Contract vs Full-Time Employment: Understanding the Key Differences


Contract workers have the option to work for multiple companies simultaneously. Due to the flexibility of their employment, they can work multiple jobs at once more easily than full-time employees. A contractor is a person who finishes a job for a predetermined amount of time. The term “contract” refers to the arrangement between a business and a contractor who works on a project-by-project basis rather than an offer of ongoing employment. One of the global industries with the fastest rate of growth is the life sciences sector.



They are not beholden to a full-time employer’s rules, work hours, or demands. Not everyone will want to commit to your organization over the long-term – but many will. Providing a contract-to-hire path to your favorite freelancers gives these contractors an added incentive to remain loyal. Simply follow the money – if you’re paying a person directly for their expertise and their work, they’re a contractor.

Contract vs. Full-Time Employment: Understanding the Key Differences

This post sets out to explain what a few of those differences are, in order to help both job seekers and employers determine which path to take. One of the biggest differences between independent contractors and full-time W2 employees is who pays for all the supplies. For the W2 employee, the business either directly pays for or reimburses the employee for all supplies needed to complete the job efficiently. Employers looking to hire a workforce need to know the differences in compensation, expectation and employer responsibility for hiring contract, part-time and full-time employees. Each of these types of workers has different tax implications, varied responsibilities and separate legal requirements on the part of the employer. Nevertheless, there are still a variety of options for contract work in many different industries.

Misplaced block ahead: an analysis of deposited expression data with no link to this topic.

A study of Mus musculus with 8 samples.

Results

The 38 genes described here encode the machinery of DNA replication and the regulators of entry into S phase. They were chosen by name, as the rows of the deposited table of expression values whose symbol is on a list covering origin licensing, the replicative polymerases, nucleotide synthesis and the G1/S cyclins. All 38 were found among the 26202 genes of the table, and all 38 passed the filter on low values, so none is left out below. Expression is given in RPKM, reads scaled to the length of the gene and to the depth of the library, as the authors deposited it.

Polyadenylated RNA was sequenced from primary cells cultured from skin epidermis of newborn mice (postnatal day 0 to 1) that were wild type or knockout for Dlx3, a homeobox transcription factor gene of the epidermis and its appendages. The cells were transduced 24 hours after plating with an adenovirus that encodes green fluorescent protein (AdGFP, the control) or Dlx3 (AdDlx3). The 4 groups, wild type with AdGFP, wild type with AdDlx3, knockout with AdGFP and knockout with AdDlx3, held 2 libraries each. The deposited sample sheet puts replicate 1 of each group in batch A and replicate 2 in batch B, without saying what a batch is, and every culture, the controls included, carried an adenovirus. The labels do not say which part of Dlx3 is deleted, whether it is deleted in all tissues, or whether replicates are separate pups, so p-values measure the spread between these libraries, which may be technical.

By law, contractors can’t be required to perform their work in a specific place or time, allowing them to choose when and how they get their work done. If these rules are broken by the employer, e.g. by requiring a contractor to work in the office from 9-5, the contractor could sue for employee benefits. In addition to paying for their own benefits, contractors are responsible for managing and paying their own taxes, which are not handled by the employer. Specifically, contractors pay the full amount of a self-employment income tax and sometimes will pay at the end of the tax year in one lump sum, though they can also choose to make payments throughout the year. Employees pay an income tax out of every paycheck, and employers are responsible for a matching tax payment for every non-contract employee.